Savoy Cabbage, Black Kale and Potato Subji
In Gujarat, cabbages and potatoes are near deities. In Lincolnshire, where they are the main crops, the same is true. I feel as though my bones, and the bones of my ancestors, are partly made up of these two vegetables. When you want something simple, not much beats a tangle of soft buttery cabbage with sweet caramelized onions and crisp potatoes, alongside a fierce pickle, yoghurt and chapattis (see page 288 of Fresh India).
|1 tsp||coriander seeds|
|2 tsp||cumin seeds|
|3 tbsp||rapeseed oil|
|15||fresh curry leaves|
|1 tsp||black mustard seeds|
|1||large brown onion, halved and thinly sliced|
|800g||baby new potatoes, quartered|
|200g||savoy cabbage, finely shredded|
|200g||black kale or cavolo nero, finely shredded|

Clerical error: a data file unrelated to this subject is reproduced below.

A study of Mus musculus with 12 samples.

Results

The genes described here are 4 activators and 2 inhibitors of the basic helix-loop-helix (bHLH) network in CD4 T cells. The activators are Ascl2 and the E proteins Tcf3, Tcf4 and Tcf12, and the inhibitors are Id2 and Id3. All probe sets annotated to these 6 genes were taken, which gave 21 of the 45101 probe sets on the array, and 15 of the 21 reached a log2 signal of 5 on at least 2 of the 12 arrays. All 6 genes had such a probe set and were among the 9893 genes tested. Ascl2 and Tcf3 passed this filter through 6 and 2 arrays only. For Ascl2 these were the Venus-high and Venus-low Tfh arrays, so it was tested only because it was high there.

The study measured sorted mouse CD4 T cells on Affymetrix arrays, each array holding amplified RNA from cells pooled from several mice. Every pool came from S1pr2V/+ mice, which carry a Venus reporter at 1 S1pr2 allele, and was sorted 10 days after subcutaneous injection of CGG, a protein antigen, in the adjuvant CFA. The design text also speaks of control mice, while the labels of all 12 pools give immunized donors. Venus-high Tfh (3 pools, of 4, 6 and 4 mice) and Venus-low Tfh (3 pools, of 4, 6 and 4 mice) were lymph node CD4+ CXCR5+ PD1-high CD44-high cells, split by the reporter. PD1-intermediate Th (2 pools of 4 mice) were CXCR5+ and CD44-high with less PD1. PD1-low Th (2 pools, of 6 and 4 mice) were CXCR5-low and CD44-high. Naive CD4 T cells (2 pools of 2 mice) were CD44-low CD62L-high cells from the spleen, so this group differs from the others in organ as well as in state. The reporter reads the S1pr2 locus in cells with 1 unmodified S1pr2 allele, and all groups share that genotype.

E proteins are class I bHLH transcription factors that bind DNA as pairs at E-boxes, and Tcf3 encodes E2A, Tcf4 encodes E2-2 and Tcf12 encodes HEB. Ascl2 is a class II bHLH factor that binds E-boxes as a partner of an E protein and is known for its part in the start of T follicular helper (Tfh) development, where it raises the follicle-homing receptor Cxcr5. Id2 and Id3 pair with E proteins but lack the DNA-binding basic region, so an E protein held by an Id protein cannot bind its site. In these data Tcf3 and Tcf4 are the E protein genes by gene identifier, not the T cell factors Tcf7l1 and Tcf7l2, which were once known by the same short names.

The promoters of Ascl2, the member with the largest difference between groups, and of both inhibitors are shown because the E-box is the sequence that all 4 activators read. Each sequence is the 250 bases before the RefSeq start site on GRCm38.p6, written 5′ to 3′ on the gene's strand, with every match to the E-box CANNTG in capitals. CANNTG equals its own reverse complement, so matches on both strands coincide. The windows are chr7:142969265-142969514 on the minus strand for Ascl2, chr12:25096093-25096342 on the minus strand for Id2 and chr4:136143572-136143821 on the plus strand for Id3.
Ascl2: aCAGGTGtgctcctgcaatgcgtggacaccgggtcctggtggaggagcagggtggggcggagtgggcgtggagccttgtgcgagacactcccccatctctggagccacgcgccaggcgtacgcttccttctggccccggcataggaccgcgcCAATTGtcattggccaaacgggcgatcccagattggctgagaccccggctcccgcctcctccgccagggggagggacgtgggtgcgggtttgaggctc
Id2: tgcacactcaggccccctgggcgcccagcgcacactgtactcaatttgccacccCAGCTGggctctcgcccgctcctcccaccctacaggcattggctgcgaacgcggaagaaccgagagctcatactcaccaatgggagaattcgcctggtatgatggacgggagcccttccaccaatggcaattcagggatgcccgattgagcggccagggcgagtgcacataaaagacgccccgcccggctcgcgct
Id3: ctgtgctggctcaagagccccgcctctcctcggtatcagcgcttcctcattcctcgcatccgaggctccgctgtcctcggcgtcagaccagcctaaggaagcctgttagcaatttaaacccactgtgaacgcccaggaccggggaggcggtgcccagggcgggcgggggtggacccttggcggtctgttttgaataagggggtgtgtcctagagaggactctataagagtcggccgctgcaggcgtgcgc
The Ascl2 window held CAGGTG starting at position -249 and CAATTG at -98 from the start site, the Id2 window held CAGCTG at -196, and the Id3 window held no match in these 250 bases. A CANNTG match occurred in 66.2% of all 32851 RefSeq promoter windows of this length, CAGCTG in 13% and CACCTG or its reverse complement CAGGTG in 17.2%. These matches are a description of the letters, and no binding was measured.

|½ tsp||chilli powder|
|¾ tsp||ground turmeric|
You will need: a pestle and mortar, and a large lidded frying pan.
Lightly grind the coriander and cumin seeds with a pestle and mortar. Put the oil into a large lidded frying pan over a medium heat and, when hot, add the curry leaves and mustard seeds. When they crackle, add the onion. Cook for around 10 minutes, until golden and sweet, stirring occasionally.
Add the crushed coriander and cumin, followed by the potatoes. Cook for 10 minutes, turning every now and then until crispy. Add a couple of tablespoons of water, cover with the lid and cook for a further 5 minutes, until the potatoes are tender and no longer resist the point of a knife.
Finally, add the shredded cabbage and black kale to the pan with a couple of tablespoons of water and stir-fry for 3 minutes. Add the salt, chilli and turmeric, mix well, cover with the lid, reduce the heat to low and cook for another 4 minutes, or until the cabbage and black kale have wilted.
Serve with a fiery pickle, hot chapattis and a dollop of yoghurt, or alongside dal and rice.